Posted at 2:09 PM on April 17, 2007
by Euan Kerr
Dziga Vertov had some big plans in his day. Not only did he set out in the 1920's to create a new language of cinema as he described it, he and his followers known as the Kinoks declared they wanted to abolish all non-documentary film making.
Thankfully they failed in this latter aim, but watching Vertov's classic "Man with a Movie Camera," captures the excitement of its creator as he went about changing cinema.
"Man with a Movie Camera," made in 1929, captures ordinary Russians going about their daily lives: sleeping, eating, working, playing, even giving birth and dying. It's a breathtaking montage delivered at breakneck speed.
Vertov said he wanted to document reality, but that doesn't stop him from using the cinematic tricks available to him including split images, animation and even editing film in backwards so a pile of chess pieces miraculously set themselves in place.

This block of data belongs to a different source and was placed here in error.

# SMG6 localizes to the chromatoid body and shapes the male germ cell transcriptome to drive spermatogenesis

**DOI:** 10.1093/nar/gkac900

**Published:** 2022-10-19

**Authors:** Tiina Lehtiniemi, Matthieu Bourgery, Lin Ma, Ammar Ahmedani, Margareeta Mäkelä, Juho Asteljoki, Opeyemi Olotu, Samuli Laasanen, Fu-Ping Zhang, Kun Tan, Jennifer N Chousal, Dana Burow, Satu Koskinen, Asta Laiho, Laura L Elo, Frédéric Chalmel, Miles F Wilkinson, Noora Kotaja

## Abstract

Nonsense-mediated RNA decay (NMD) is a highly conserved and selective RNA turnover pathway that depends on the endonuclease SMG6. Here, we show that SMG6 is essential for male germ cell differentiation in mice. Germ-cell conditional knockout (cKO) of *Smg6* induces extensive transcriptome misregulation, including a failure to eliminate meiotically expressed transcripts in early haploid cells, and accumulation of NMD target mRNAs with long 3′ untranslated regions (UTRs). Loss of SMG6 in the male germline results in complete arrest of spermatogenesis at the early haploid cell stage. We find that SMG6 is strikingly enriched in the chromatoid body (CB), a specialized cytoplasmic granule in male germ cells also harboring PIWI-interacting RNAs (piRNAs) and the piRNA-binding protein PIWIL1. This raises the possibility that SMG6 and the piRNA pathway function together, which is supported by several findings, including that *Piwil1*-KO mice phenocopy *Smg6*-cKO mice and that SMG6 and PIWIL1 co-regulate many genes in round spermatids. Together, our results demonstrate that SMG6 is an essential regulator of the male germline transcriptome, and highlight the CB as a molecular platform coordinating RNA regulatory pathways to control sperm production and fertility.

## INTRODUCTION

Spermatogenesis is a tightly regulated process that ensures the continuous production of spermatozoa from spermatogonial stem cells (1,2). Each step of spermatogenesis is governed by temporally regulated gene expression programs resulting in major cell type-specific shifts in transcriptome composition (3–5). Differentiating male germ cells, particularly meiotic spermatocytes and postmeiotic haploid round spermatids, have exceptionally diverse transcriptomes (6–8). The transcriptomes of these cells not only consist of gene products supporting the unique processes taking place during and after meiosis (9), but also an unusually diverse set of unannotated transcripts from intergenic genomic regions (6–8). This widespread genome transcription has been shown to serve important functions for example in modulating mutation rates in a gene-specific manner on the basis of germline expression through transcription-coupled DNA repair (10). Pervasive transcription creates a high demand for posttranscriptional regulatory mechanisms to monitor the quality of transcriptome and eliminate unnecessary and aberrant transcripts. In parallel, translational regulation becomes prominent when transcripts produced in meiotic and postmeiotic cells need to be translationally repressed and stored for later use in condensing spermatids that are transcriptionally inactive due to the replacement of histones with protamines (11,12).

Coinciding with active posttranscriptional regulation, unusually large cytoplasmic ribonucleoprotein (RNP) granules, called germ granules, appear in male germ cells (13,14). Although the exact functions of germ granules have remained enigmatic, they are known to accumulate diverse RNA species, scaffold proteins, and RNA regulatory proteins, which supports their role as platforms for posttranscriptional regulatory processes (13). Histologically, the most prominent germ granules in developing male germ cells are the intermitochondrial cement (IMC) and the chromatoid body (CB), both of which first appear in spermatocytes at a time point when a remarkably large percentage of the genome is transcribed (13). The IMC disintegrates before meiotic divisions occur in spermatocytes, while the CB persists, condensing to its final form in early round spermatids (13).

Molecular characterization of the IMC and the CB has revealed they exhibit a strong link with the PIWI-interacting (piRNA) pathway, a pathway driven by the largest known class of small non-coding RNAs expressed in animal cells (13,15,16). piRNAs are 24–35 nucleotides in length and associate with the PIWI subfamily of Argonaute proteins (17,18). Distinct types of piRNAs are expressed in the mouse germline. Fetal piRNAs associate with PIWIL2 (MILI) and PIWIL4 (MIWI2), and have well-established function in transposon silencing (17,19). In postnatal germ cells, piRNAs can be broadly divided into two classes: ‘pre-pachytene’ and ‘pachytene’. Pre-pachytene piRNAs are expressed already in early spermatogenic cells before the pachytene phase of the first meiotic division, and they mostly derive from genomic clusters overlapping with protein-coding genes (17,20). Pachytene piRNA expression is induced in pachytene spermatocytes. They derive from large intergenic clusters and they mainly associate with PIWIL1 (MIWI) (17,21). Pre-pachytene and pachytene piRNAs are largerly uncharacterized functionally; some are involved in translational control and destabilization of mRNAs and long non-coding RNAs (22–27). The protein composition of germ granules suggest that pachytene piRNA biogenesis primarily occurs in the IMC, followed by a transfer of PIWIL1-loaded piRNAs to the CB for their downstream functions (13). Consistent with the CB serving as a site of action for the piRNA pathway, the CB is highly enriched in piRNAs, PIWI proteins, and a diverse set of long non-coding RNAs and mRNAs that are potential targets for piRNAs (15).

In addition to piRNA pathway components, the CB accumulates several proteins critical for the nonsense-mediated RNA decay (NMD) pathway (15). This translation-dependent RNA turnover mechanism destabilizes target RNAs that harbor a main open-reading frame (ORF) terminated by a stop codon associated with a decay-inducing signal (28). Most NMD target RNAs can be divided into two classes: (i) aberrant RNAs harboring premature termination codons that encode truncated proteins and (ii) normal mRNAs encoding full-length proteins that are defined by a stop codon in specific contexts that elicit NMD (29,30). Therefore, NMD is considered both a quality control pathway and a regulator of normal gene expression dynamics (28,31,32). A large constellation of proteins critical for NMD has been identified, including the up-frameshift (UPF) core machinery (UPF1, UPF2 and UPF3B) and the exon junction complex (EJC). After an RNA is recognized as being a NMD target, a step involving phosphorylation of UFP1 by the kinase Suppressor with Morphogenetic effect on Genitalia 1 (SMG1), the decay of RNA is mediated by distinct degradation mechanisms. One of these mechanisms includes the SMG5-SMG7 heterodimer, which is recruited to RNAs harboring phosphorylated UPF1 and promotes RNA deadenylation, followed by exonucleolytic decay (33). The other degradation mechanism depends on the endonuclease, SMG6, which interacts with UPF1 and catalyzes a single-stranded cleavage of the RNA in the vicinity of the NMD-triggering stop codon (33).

The film is just over an hour long, and while Vertov may not have accomplished his goal of inventing a new cinematic language either, he certainly created a remarkable snapshot of a period in Russian history. It's well worth seeking out.
I recently watched the version with the soundtrack developed in the 1990's based on Vertov's notes and performed by the Alloy Orchestra. It's a percussive piece that includes various sound effects. It would be intriguing to watch one of the other versions available on DVD to see how that might change the film.
Posted at 5:03 PM on April 17, 2007
by Euan Kerr
It's strange what people get animated about.
Of all the things that I've written about on this blog I could have seen people getting bent out of shape as they did about "300."
But Zinedine Zidane?
And how about "Eragon?"
The movie came out three months ago and not a lot of people got that excited about it. However the DVD is out now and there is a steady stream of interest.
The film hasn't got any better of course, but it seems to be building fans.
Arya (Sienna Guillory) preparing for battle in "Eragon." (Image courtesy 20th Century Fox, David Appleby photographer.)